A Mother and her Two Daughters

29 October 2010

Celebrating Allyson

If you read this blog regularly, you know that in September I participated in Runway for a Cause, a very successful event sponsored by AY Magazine, organized by some terrific volunteers for the past ten years, which raises much needed funds for breast cancer programs at UAMS, CARTI and other local hospitals with programs for healing, service and outreach. 

You also know that this month my daughter Allyson, who lives in St. Louis, volunteers for the Siteman Cancer Center at Barnes-Jewish Hospital and Washington University School of Medicine.  Recently she helped organize a fabulous event, Celebrate Spot, a walk for dogs and their people to benefit breast cancer research and treatment at Siteman.  In fact, my puppy Abbey won the PAWtner Award at this event for every-diligence care of me during my own cancer plight. 

Over the past several weeks, Allyson has been hard at work putting together a proposal for the Siteman Cancer Center to raise more funds by hosting a similar runway fashion show.  She’s been working on names, researching possible venues, securing a magazine sponsor, putting together budgets and timelines, and figuring out the target audience and marketing strategies to make it a success.  Last night, Allyson and a few Mizzou girlfriends presented “Celebrate Style” to the Siteman team – and it was approved for funding and sponsorship.  She is ecstatic and excited about coordinating another fundraising event for their Young Women’s Breast Cancer Program.  

As her mother, I’m proud.  But as a life long volunteer, I’m simply amazed.  This is the work of a 23-year-old young woman who is using her talents to make a difference in the lives of others.  My friends might say that she’s a chip off the old block.  But let me tell you, she is so far beyond her mother and most other young women her age.  I may have been volunteering when I was 23, but I wasn’t dreaming about or organizing big events like this one.  No doubt she is mature and experienced beyond her years. 

Allyson is no stranger to community service.  I can remember one holiday season when both of my girls discovered that toy donations were almost nil at the Watershed Human & Community Development Center.  Each Christmas the girls volunteered there for Rev. Hezekiah Stewart, but this particular year was a tough one in terms of non-food donations.  The girls got out on the streets, on the phones, even did a radio and TV interview, to raise thousands of dollars to buy baby dolls and basketballs and more.  And then there was the time Allyson helped organized a dance for high school students with Down syndrome, with the Central High Civitan Club members serving as dance partners.  She and her friends came home exhausted from all the high-energy dancing, but with special memories about the great fun everyone had that night.  Just last year, Allyson, and a Journalism School colleague organized a Mizzou benefit concert that raised awareness and funds for the Haiti relief effort.  Even though the Westboro Baptist Church protested the concert, she had much to be proud of for all their success in such a short period of time.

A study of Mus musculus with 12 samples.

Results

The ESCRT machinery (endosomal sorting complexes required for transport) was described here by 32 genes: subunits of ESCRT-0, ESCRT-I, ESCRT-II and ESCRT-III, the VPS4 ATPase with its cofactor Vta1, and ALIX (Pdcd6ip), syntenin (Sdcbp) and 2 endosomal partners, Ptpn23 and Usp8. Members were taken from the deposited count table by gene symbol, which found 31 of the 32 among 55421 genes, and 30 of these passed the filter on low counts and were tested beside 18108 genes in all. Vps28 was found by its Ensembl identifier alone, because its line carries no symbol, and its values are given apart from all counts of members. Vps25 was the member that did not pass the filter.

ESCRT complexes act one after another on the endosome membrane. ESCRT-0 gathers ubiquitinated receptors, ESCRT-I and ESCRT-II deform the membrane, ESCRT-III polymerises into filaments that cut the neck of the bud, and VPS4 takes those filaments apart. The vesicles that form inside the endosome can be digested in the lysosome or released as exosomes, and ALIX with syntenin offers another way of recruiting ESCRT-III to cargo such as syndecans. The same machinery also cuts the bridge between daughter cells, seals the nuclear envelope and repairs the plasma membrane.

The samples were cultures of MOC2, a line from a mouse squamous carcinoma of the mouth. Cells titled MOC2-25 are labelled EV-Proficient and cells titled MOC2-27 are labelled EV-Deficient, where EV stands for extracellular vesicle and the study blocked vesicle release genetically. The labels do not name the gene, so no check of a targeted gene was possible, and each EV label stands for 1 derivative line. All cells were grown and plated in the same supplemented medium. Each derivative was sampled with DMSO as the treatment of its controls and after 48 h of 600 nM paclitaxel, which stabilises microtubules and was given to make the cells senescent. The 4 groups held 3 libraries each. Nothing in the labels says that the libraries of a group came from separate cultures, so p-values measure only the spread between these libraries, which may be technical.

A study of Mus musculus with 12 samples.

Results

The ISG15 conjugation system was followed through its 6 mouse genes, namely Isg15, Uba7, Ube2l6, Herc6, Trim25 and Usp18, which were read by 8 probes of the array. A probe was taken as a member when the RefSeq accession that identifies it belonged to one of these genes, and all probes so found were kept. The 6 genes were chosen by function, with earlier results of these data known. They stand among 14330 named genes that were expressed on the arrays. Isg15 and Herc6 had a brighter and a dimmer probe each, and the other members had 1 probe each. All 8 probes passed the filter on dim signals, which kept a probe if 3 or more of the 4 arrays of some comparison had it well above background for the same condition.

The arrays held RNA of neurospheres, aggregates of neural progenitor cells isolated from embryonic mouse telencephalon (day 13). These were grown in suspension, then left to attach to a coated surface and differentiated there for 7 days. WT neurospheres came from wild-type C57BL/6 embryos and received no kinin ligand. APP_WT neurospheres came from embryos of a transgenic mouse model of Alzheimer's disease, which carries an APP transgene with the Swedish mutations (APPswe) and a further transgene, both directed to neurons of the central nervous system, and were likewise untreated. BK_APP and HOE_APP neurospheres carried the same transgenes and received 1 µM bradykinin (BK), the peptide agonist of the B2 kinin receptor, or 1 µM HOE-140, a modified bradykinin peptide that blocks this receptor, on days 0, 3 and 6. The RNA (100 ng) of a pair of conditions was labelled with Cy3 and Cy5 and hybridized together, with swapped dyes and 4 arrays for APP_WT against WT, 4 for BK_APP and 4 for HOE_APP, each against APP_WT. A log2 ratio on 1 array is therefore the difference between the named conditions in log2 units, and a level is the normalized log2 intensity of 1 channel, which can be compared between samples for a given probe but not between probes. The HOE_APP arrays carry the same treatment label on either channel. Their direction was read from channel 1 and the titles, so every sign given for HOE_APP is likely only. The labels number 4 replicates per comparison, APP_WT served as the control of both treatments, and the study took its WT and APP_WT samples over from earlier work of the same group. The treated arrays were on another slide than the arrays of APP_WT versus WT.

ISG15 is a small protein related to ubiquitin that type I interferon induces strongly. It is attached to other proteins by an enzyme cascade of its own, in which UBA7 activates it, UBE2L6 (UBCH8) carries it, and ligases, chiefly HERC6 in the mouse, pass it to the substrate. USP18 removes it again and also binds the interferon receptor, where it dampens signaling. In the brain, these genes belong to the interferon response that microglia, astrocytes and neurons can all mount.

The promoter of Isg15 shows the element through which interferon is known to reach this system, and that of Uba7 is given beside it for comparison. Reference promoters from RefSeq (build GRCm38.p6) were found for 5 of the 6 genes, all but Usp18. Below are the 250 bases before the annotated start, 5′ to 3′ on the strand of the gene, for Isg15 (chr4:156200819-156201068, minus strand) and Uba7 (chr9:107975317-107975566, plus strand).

And today, as a young professional, she is organizing a lavish style show in the big city of St. Louis to benefit breast cancer research and treatment. 

Today I am celebrating Allyson, who has once again shown her incredible compassion, her “can-do” spirit for making good things happen, her longtime compassion and understanding for human need.  If only the world had a few more young people, and old people too, like her.  She’s a true role model for the spirit of community service.  Reminds me of that wonderful Thoreau quote:  “One is not born into the world to do everything, but to do something.” 

Here’s to you, Allyson!  The world is a better place because you’re in it.  I’m so proud of you, and love you dearly.